Portrait of a Lady on Fire: "There is a hint of Hitchcock to the pull of its desires..."

Adele Haenel and Noemie Merlant in Portrait Of A Lady On Fire
Image Credit: Lilies Films (Image credit: Curzon)

At first glance, French filmmaker Céline Sciamma’s fourth feature, Portrait of a Lady on Fire, seems like a radical departure. Radical, that is, in its classicism, as the writer/director known for Water Lilies, Tomboy and Girlhood – all modern  tales, in setting and theme – offers a painterly period drama set in 18th-Century Brittany. But while the elegant style is largely traditional, with Sciamma showing little interest in fucking with form à la, say, Sofia Coppola’s Marie Antoinette or Yorgos Lathimos’ The Favourite, the scenes, themes and women depicted are as progressive as anything in Sciamma’s earlier work.

Portrait of a Lady on Fire, like those earlier works, is concerned with the fashioning of its protagonists’ identities. The action centres on Héloïse (Adèle Haenel) and Marianne (Noémie Merlant), the former fresh out of a convent and being readied for marriage to a Milanese gentleman, and the latter hired by Heloise’s mother (Valeria Golino), a countess, to act as her daughter’s walking companion. Well, that’s the story – Marianne is an artist, and the real reason she’s been hired is to paint Héloïse’s portrait so that the man from Milan might view the proffered bride. Héloïse would never pose for such an endeavour – she has, in fact, already sent one artist packing – and Marianne must therefore commit her features to memory so that she might paint the portrait within the confines of her chamber, alone.

Initially frosty, Heloise thaws over the course of several perambulations and conversations, responding to the attentiveness of Héloïse’s gaze and returning it with interest. A romance develops, sensual and intense, though this is no Blue Is The Warmest Colour 2 and Sciamma is no Abdellatif Kechiche. In fact, anyone desiring to study the differences between the male and female gazes need only watch Portrait of a Lady on Fire and Blue Is The Warmest Colour as a double bill.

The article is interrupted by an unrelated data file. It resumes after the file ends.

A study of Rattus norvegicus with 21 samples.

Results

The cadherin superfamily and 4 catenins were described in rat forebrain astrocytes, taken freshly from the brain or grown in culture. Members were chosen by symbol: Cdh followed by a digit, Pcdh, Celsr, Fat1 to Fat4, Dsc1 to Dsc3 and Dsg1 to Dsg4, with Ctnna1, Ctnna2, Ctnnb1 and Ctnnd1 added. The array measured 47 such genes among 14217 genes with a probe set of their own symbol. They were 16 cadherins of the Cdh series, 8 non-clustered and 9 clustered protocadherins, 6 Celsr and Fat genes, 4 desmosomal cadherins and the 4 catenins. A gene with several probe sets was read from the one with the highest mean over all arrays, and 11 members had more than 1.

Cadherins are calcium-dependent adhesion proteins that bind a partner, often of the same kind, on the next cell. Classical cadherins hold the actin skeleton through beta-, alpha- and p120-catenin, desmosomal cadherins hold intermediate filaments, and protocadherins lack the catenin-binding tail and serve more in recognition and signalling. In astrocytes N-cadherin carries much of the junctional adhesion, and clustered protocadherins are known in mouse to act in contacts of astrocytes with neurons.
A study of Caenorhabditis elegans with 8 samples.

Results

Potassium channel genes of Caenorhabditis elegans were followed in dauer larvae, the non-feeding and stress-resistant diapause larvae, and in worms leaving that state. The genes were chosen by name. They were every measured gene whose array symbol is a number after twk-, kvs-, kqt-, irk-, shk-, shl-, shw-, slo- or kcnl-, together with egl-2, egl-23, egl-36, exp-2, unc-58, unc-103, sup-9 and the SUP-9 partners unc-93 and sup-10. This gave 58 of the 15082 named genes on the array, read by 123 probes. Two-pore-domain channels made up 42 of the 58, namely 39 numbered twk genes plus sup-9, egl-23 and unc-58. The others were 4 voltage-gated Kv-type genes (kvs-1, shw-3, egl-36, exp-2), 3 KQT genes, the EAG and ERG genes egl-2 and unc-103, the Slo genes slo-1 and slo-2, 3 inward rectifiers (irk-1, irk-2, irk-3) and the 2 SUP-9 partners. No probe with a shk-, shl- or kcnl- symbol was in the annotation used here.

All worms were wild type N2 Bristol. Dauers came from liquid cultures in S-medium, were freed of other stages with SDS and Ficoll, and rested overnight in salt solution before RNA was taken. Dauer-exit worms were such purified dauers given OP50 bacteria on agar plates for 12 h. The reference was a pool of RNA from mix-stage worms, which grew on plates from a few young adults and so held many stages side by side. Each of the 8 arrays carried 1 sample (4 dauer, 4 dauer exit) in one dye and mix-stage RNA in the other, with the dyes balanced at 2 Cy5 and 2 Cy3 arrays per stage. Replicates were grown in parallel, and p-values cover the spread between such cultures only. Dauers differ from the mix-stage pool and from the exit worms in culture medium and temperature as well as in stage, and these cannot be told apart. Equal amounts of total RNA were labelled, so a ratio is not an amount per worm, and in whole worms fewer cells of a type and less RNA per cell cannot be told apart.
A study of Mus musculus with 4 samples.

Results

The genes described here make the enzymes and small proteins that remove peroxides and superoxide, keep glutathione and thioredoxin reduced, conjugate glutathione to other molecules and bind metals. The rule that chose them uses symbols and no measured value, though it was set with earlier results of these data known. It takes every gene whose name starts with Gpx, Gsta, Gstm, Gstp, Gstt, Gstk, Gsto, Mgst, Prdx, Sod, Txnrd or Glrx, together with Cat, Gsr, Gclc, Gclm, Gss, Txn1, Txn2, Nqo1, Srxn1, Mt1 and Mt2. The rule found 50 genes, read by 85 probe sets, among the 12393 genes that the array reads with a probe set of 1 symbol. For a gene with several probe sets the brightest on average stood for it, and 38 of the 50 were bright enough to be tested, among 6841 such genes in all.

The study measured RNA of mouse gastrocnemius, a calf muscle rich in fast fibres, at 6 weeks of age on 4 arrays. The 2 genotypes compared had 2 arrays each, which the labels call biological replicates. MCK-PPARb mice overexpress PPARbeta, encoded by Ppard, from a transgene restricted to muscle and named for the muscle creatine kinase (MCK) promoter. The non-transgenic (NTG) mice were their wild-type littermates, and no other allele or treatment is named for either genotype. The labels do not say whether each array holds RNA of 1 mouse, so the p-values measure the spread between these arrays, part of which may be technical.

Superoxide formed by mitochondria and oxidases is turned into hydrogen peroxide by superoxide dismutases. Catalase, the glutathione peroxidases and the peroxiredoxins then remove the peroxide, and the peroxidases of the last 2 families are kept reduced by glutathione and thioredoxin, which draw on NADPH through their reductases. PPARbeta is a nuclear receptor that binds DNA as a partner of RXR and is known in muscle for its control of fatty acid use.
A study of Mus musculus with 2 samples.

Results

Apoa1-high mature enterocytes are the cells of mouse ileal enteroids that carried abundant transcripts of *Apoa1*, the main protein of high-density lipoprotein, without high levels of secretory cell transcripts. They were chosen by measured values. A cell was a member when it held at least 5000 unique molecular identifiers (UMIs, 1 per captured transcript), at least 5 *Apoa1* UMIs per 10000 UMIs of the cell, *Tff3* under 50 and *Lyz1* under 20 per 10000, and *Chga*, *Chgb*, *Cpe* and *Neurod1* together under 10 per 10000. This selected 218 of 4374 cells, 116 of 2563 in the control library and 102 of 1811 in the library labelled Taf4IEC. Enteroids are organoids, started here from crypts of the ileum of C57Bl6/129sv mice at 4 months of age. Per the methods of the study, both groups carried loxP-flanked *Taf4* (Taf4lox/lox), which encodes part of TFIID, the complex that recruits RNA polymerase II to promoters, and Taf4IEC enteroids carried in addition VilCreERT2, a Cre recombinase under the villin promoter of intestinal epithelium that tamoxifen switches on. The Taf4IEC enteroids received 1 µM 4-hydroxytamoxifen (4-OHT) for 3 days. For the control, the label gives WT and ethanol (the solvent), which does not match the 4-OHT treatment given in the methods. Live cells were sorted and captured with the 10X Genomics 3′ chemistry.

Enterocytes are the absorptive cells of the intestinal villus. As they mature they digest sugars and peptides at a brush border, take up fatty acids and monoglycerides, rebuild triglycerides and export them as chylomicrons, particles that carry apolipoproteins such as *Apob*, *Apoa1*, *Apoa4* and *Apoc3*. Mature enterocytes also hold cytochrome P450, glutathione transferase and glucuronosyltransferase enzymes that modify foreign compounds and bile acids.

Painting a stunning portrait

Walking with fire in Portrait Of A Lady On Fire

Image Credit: Lilies Films (Image credit: Curzon)

More interested in words, intellectual curiosity and social decorum than naked lust, Sciamma has here painted a stunning portrait of two ladies, and both of her actresses are indeed on fire. But this is more than just a romantic-drama or a character study, excellent as it is in those departments. It has much to say on the act of creativity, on how women were painted out of the arts (at the time the movie takes place, women were not allowed to paint men) and how the patriarchy determined a woman’s every move, her every right, her very fate. This last is especially pertinent – and, sadly, relevant – in a subplot involving a servant, Sophie (Luana Bajrami).

For all of its composed sumptuousness, Portrait of a Lady on Fire makes for thrilling viewing. There is a hint of Hitchcock to the pull of its desires, and an eerie quality to Marianne’s repeated visions of Heloise is her white wedding gown, emerging from midnight-black shadows before disappearing like a ghost. A night-time sojourn to a crackling bonfire, meanwhile, is at once rhapsodic and uncanny, while also lending a literalism to the film’s title to go with its metaphorical meanings.

This will surely be among the prizes – Haenel and Merlant might share the Best Actress award, or Sciamma could take Director. Perhaps we can even hope that she becomes just the second woman in the festival’s history (after Jane Campion for The Piano, in 1993) to win the Palme d’Or.

For more coverage of Cannes 2019, read our review of Robert Eggers’ The Lighthouse, starring Robert Pattinson and Willem Dafoe.

Editor-at-Large, Total Film

Jamie Graham is the Editor-at-Large of Total Film magazine. You'll likely find them around these parts reviewing the biggest films on the planet and speaking to some of the biggest stars in the business – that's just what Jamie does. Jamie has also written for outlets like SFX and the Sunday Times Culture, and appeared on podcasts exploring the wondrous worlds of occult and horror.